This past Monday I accompanied ZFA President Dr. Danny Lamm and VP Sam Tatarka to the Commonwealth Parliamentary Offices in Melbourne where we spent an hour talking to Foreign Minister Julie Bishop.
Danny had just returned from the 37th World Zionist Congress in Jerusalem where he met with senior officials in the Israeli Ministry of Foreign Affairs (MFA) and spoke to Prime Minister Netanyahu. He was thus able to bring our Foreign Minister up to speed on the resilience of Israeli society in the face of the recent wave of terrorism.
Danny conveyed to Ms Bishop the very high regard in which she and Prime Minister Turnbull are held by the Israeli Government. Particular appreciation was expressed by senior MFA officials for Australia’s vote last December against a Palestinian-authored UN Security Council resolution calling for an unconditional Israeli-withdrawal from Judea-Samaria and the establishment of a Palestinian state.
The discussion ranged over a number of issues that included the current terrorist violence in Israel, the challenge of BDS and developments in the broader Middle East and Europe. Sam Tatarka also addressed the unique set of security concerns faced by the Australian Jewish community at the present time.
The meeting was extremely warm and constructive and it ended with an agreement that the ZFA would maintain regular contact with Ms Bishop’s office and that additional meetings would be held in the not-too-distant future.
Meanwhile in Washington, the Atlantic magazine yesterday featured a story about how Israel and the Obama administration are trying to reset bi-lateral relations between the two countries to a more positive note.
Entitled “Bygones, Israel and the U.S. try to move beyond Iran”, the piece discusses the dispatch of Minister of Defence Moshe Ya’alon to D.C for talks with U.S. Secretary of Defense Ashton Carter. Questioned by the media about his outspoken opposition to the Obama Administration’s Iran deal, Ya’alon responded with typical directness: “The Iran deal is a given. Our disputes are over. And now we have to look to the future.”
Particularly noteworthy are the Secretary Carter’s remarks about the contribution made by Israel to US national security:
“It’s a two-way relationship There’s no question that it’s not symmetric, but it is two-way—we really do get things from the Israelis in technology. I hesitate to make invidious comparisons, but if you’re making comparisons to, say, the European legacy arms [industry], the guys who have made the tanks and planes and ships in Europe, they’ve been very slow to come out of the industrial age. The Israelis you will find to be more clever and more innovative … The Israelis were really quite ingenious in this area [countering improvised explosive devices (IEDs)] and we got a lot from them. There’s no question that lives were saved as a consequence of their [help]. They’re not good in everything across the board, but they’re as good as us in some areas. They’re in a league that has very few members.”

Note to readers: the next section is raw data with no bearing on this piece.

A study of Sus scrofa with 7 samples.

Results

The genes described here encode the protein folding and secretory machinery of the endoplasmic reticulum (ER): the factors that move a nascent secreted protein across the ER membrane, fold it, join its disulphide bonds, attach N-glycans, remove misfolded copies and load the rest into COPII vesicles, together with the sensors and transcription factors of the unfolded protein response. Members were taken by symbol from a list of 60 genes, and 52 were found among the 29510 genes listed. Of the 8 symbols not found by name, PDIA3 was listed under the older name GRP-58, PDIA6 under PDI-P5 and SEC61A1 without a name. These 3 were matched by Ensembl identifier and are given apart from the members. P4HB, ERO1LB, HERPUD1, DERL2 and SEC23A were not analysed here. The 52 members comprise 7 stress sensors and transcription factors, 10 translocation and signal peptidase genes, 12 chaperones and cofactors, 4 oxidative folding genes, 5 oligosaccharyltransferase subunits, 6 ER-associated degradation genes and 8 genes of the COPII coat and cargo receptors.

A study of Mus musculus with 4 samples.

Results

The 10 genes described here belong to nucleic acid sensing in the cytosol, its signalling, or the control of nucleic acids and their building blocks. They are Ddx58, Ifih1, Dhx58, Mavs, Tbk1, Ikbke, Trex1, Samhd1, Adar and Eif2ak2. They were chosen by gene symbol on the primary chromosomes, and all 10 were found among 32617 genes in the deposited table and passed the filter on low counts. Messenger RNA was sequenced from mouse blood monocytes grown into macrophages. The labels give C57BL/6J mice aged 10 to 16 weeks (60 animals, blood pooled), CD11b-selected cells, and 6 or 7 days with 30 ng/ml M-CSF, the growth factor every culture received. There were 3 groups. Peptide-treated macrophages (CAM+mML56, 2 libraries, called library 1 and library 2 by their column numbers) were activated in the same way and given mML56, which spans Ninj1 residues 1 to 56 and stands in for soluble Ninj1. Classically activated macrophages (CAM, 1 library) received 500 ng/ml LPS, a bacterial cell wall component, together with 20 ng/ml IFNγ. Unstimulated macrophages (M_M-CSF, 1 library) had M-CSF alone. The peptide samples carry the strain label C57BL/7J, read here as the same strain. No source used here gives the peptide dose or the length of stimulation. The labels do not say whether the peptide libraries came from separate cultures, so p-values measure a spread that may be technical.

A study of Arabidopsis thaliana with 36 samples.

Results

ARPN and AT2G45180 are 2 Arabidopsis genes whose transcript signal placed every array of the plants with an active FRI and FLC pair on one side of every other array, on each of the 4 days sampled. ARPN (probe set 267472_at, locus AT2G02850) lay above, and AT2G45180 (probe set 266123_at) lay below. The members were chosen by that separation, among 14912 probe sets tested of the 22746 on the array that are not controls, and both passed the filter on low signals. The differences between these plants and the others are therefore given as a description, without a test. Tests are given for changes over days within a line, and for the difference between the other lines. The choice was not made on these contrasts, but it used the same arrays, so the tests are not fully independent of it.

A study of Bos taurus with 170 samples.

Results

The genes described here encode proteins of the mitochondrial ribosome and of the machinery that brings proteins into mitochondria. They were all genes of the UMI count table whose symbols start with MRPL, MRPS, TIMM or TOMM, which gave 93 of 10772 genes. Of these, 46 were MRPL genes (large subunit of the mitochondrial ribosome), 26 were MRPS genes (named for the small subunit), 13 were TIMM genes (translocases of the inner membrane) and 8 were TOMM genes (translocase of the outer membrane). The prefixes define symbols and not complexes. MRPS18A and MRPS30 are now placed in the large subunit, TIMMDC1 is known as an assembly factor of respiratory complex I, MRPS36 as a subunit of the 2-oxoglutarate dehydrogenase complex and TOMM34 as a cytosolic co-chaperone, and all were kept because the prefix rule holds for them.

So the next time you hear someone badmouthing Israel as a foreign aid bludger on the United States, you can set them straight by quoting Barack Obama’s Secretary of Defense to the effect that Israel saved American lives in Iraq and Afghanistan.
Beyond these ministerial-level talks, the Ya’alon visit to Washington was also intended to lay the ground work for a meeting this coming Monday between Prime Minister Netanyahu and President Obama. We will observe with interest whether the same spirit of détente that prevailed at the Pentagon will be in evidence on Monday at the Oval Office.
And I’ll conclude this week with one of those real life stories that appear at first glance to be stranger than fiction. An Israeli business traveller on Ethiopian Airlines was attacked by Sudanese and saved by – amongst others – a Lebanese.
It all happened shortly before the flight was scheduled to land at the Ethiopian capital of Addis Ababa. As reported by YNet, the 54-year-old Israeli businessman said:
“About 20 minutes before the plane started its descent the passenger sitting behind me identified me as Israeli and Jewish. He came up behind my seat and started to choke me with a lot of force and at first I couldn’t get my voice out and call for help. He hit me over the head with a metal tray and shouted ‘Allah akbar’ and ‘I will slaughter the Jew.’ Only after a few seconds, just before I was about to lose consciousness, did I manage to call out and a flight attendant who saw what was happening summoned her colleagues.”
A fellow passenger from Lebanon was among those who rushed to the aid of the Israeli businessman:
“After we landed the Lebanese guy told me that I’d been saved twice, because after they’d overpowered my attacker he said to everyone: ‘Let’s finish him [the Israeli businessman] off.’”
It defies logic or understanding precisely why the terrorist thought he could incite murder just as he was being bundled away to prison. I suppose homicidal hope springs eternal in the jihadi mind.
So there you have it, the mother of all silver linings to a very black cloud; a good news story of coexistence and mutual respect arising out of a bad news story of jihadi violence.